The Indigenous Petroleum Group of Zimbabwe (IPGZ) has challenged BP & Shell Marketing Services (BPSMS)’s deal to sell its local refined oils assets to business tycoon Shingai Mutasa’s Masawara plc.
Early this month, BPSMS announced it had agreed a deal to sell the assets that include depots and service stations to FMI Zimbabwe, a wholly owned subsidiary of London-listed Masawara plc.
The Shell Petroleum Company trades under the BP franchise in Zimbabwe.
Collectively, BPSM local assets include 73 retail sites, six country depots, four town depots and a lubricants plant, now dormant, among others.
The facilities are currently being rented by a number of indigenous refined oils dealers, among them Redan Petroleum, Sakunda Energy and Comoil, which were also vying for the same assets.
In a letter to David Chapfika, the chairperson of the National Indiginisation and Economic Empowerment Board (NIEEB), IPGZ secretary-general Crosby Mashiri questioned why incumbent leases were not accorded the right of first refusal in the deal.
Mashiri further contended the affected dealers sustained the industry during the country’s gravest fuel crisis in 2007/2008 when foreign operators stopped trading.
“We write to express our displeasure with the above transaction.
We feel the process was flawed and was targeted to benefit specific interests,” said Mashiri.
“Our view is that the invested funds are the seller’s funds.
We believe in the empowerment of the majority and not continued enrichment of one against broadbased economic empowerment”.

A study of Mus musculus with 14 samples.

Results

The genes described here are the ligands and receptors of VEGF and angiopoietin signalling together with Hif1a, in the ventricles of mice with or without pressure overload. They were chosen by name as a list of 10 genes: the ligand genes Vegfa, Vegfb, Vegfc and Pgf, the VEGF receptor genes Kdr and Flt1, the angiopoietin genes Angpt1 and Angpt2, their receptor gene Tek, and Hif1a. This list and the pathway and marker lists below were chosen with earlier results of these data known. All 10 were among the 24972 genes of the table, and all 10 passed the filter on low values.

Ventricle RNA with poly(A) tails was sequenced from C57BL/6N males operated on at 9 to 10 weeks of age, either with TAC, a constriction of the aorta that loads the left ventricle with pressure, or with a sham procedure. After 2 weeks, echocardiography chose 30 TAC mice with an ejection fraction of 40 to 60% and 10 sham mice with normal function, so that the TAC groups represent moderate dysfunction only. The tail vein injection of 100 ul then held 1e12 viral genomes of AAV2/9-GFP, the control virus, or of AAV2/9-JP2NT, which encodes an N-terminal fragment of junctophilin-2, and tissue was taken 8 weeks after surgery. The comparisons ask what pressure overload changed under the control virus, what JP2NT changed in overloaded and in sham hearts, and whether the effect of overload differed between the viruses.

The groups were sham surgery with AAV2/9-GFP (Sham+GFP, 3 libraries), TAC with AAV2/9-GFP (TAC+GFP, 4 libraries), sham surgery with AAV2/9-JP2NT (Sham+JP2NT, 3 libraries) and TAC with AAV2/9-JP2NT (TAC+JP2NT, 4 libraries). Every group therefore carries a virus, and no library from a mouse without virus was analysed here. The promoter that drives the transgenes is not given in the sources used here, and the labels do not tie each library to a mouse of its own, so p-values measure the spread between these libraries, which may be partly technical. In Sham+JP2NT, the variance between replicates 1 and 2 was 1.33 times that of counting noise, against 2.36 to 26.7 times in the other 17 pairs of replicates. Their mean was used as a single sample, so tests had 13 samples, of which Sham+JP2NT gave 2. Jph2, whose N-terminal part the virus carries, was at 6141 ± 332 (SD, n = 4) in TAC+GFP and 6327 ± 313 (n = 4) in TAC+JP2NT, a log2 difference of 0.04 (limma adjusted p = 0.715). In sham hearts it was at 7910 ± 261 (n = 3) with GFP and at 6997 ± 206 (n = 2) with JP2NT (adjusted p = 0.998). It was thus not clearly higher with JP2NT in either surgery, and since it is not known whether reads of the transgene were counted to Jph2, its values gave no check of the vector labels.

Mashiri urged a forensic audit of Masawara plc.
“Is this not warehousing by BP which will then try to get back into Zimbabwe when sustainable volumes are reached?” he said.
BP Southern Africa CEO Sipho Maseko a fortnight ago revealed the global energy company had in principle agreed to sell its assets to FMI Zimbabwe.
“With their experience and existing businesses in Zimbabwe, we believe that FMI Zimbabwe will be able to build on BPSMS’s good assets and grow the business further in line with their plans,” Maseko said.
Masawara, in which Mutasa owns 63,4%, also confirmed the deal through a spokesperson.
The investment fund got the deal in the second round of a privately tendered expression of interest after government rejected bids by South Africa-based Engen Petroleum and KenoilKobil on indigenisation grounds.
Registered in Jersey, US, Masawara listed on AIM in August and raised approximately $25 million to finance strategic acquisitions in the country.
The company owns 30% of TA Holdings, a locally-listed investment company, and 40% of Joina City, the largest retail and commercial property in Harare.